Three weeks ago today, Hillary Clinton officially endorsed Barack Obama and urged her supporters to support his bid in the general election.  Yesterday, the two Democrats staged a peace rally of sorts in Unity, New Hampshire, as Hillary repeated her endorsement.  Yet ABC News reports that a quarter of her supporters still consider voting for John McCain, and that bad blood between the two camps has yet to recede:

Did the plea work? Not especially. Several of the media outlets covering the story reported on how many Hillary supporters remain unconvinced:

Miller wasn’t buying Clinton’s plea for unity in Unity. “Obama is a fraud, and I’m going to vote for John McCain, the first time I’ve ever voted for a Republican.” She told me “the Democratic Party is a house divided. It’s not over” and that she wouldn’t rest until “Hillary and Hillary’s supporters have their voices heard.” (Portsmouth Herald, June 28, 2008)

“I don’t believe he’s the right person for the job,” said Thomas, 49, of Merrimack, N.H., who showed up at yesterday’s event wearing a Clinton campaign button. “Even in this speech it’s promises, promises, promises. Realistically, how does he think he’s going to make all these changes?” (Valley News, June 28, 2008)

“I’m not supporting Obama,” the Merrimack small business owner said. “I don’t think he’s vetted. I don’t think he’s experienced enough.” (CBS News, June 28, 2008)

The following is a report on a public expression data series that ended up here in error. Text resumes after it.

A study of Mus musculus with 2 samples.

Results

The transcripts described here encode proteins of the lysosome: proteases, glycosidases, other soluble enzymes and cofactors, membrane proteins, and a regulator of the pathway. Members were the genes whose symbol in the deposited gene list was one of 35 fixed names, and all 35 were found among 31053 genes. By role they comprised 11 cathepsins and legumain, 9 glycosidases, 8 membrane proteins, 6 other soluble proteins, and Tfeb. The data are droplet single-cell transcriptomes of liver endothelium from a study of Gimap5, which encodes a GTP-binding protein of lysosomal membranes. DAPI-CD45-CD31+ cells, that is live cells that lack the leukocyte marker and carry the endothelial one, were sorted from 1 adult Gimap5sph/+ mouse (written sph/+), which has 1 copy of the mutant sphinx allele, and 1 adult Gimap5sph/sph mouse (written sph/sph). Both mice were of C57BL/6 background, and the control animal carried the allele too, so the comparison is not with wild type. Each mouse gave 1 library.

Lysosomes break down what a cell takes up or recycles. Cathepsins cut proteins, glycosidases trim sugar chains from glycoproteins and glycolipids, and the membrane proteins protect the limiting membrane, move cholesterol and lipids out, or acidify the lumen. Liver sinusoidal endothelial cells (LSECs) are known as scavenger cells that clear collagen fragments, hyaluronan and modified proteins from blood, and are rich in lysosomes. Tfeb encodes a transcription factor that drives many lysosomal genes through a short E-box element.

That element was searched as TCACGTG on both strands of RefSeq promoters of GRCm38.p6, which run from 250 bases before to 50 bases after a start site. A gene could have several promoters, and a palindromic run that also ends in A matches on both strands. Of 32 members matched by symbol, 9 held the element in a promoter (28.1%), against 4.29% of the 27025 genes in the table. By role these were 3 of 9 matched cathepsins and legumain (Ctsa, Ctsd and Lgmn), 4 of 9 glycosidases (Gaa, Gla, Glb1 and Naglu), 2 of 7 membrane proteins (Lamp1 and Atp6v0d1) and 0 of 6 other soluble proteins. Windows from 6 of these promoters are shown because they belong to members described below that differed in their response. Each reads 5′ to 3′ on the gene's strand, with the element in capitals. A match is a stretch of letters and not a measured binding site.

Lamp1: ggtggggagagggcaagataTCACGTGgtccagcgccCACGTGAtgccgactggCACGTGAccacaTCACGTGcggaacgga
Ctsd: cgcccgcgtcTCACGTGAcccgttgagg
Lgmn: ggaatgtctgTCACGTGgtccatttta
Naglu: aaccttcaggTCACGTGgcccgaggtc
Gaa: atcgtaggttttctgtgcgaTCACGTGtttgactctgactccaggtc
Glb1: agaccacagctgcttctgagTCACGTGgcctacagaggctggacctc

Malka Yaacobi, a musician from Cambridge, Massachusetts, said that she voted for Clinton in the primaries, and Obama still did not sit right with her.  “I will not say I’ll vote for him,” she said. “ …I don’t trust him and he doesn’t have experience.” (CBS News, June 28, 2008)

One such die-hard was Carmella Lewis, who apparently is so unhappy that she found three reporters for venting her spleen:

Not everyone received the unity memo, however. Carmella Lewis of Denver chanted “Hillary” while Mr. Obama spoke, smirked throughout his remarks and then stuffed her ears with scrunched-up tissue. “I can’t listen to him,” Ms. Lewis said. “No way are we voting for Obama. We’re all voting for McCain.” (New York Times, June 28, 2008)

One Clinton voter who was not impressed was Carmella Lewis, a Clinton delegate from Denver. Lewis traveled to Unity to see her candidate one last time, and jeered throughout the event, while waving an autographed Clinton campaign sign. At one point while Obama was speaking, she plugged her ears with tissue paper. “I can’t stand him,” she said. “I’m either not voting, or I’m voting for John McCain.” (Washington Post, June 28, 2008)

“I think she has to say that right now, because I think what’s going on right now is politics,” Lewis said. “This is the candidate that won the swing states,” she said, pointing to a Hillary Clinton for President sign. “This is the candidate that won the large states, and she has the popular vote! If the vote were taken today, hands down, Hillary Clinton would be the delegate winner.” (ABC News, June 28, 2008)

Of course, the numbers cited by ABC will eventually drift downwards, but they may still remain significant.  If Obama can’t convince all but a few of Hillary’s supporters to remain in the Democratic tent, he’s going to have a big problem convincing enough centrists and independents to replace them.  And as long as Hillary is focused on retiring more than $20 million in debt, she won’t be available to assist him — even assuming she’s interested in doing so at all.